What Is CEO Fraud and How Can You Prevent It?

Picture this. You log into your work emails and see an urgent email from your CEO. In the email, they claim to be in meetings all day and that they need you to urgently settle a time-sensitive invoice otherwise a deal will be lost. What do you do?


Well, hopefully your answer is ‘nothing until further investigation’. This situation has all the markers of the latest cybercriminal trend – CEO Fraud. To prevent this kind of situation happening in your workplace, let’s shed some light on what CEO Fraud is and what you can do to prevent it from doing any damage to your organisation.


What is CEO Fraud?


CEO Fraud is a scam where a criminal pretends to be a senior manager – often the CEO –  in order to persuade an unsuspecting employee to do something for them. This is usually to make a payment or send over sensitive information. In law enforcement circles, this scam is known as Business Email Compromise (BEC) and is a growing problem across the world. In the UK alone, there were 603 cases of CEO Fraud in 2018 which led to losses of nearly £15m for the businesses targetted.


How does CEO Fraud work?


CEO Fraud is first and foremost an email scam, but it often relies on something a lot less technical to work – human nature. It works on the idea that many employees would be happy to help fix an important problem, especially if they’d been approached personally by senior management and there is no time to waste. Fraudsters exploit this for their gain in this scam, which can take on a couple of different methods.


Phishing emails


A phishing email is sent with the intention to ‘fish’ out sensitive information. A phishing email scam works on the idea of strength in numbers – it sends out legitimate-looking emails to as many users as possible, hoping that the scam will reach and work on at least some of them.



Spear phishing emails


Spear phishing is a little different. Here, the scammer has done their homework and may have extracted personal information to con a smaller number of users. They might know your name and address you specifically, and will often sign off the email using the name and personal information of your CEO. These scam emails are much easier to fall for as you may not question the validity of the email as much if they contain all that personal information.


Other common CEO Fraud attack scenarios


Fortunately, fraudsters are somewhat predictable when it comes to their CEO scamming methods. To stay vigilant to CEO Fraud, be especially critical if you receive an email at work regarding any of the following situations.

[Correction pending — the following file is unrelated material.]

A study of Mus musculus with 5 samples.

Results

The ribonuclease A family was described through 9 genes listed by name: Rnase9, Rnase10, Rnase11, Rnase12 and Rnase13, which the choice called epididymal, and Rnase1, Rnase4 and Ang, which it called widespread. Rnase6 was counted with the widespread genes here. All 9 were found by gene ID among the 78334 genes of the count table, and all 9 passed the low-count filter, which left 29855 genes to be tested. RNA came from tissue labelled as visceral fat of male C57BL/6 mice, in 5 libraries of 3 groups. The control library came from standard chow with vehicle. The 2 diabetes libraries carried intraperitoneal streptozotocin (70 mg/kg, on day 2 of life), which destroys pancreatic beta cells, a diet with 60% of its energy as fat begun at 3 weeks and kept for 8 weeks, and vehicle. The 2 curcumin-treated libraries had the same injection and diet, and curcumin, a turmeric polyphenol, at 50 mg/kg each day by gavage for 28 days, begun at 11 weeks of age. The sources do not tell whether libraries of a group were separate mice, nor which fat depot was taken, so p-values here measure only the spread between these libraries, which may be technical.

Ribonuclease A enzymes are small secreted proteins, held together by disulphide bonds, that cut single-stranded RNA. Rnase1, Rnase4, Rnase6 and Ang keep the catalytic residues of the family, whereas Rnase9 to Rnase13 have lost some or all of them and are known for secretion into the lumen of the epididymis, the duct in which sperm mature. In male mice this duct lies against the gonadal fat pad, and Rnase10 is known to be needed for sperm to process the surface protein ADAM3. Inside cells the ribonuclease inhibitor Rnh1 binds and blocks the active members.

A request for funds to be sent to an alternative foreign account


This is particularly used to exploit long-standing relationships with foreign suppliers. In this kind of scam, the scammer may ask for funds to be sent to a different account than usual.


A fake invoice requesting funds be sent to different accounts


In this kind of scam, scammers can take over a legitimate company email address and send out fake invoices to suppliers requesting money be sent to alternative accounts.


An email from a lawyer or attorney you’ve never dealt with before


In this scam, fraudsters pretend to be lawyers dealing with time-sensitive and confidential matters. They’ll often request that you don’t tell anyone else what they’ve asked you to do.


A request for personally-identifying information be sent over


In this case, scammers will often request tax or wage information under the guise that it is needed urgently by a senior manager in HR, for example.



Preventing CEO Fraud


At a company-wide level, there are steps that can be taken to prevent CEO Fraud. Companies should be cautious of how much information is revealed about them on their website and social media and even consider removing information about suppliers and partners on the website. Staff training and regular audits of accounts are also recommended.


How can you spot and stop CEO Fraud?


There are plenty of things you can do at an individual level to keep yourself safe from CEO Fraud. To get you started, why not try employing these checks immediately.

  • Don’t assume someone knowing personal information equals legitimate. Many scammers will do enough research on you and the company to know personal information about you, especially if you have a presence on social media.
  • Always check the sender’s email address. It’s rare that a scammer will be able to take over your CEO’s actual email address. Instead, it’s likely they’ll have made their own random email address that may include your CEO’s name in it. Watch out for emails sent from free email providers such as Gmail or Hotmail claiming to be CEOs.
  • Get a second opinion. Always independently verify new or amended payment requests. This includes requests from senior management – if you aren’t sure an email is legitimate or not, don’t be afraid to pick up the phone and double check.
  • Always take time to investigate. Don’t be pressured by urgent requests. Making all these checks every time, even if the email appears to be legitimate, is the easiest way for you to not play any part in CEO Fraud happening in your organisation.

While there’s a lot companies can and should do to address CEO Fraud at a higher level, we can all do our part to be more aware of it and stay vigilant.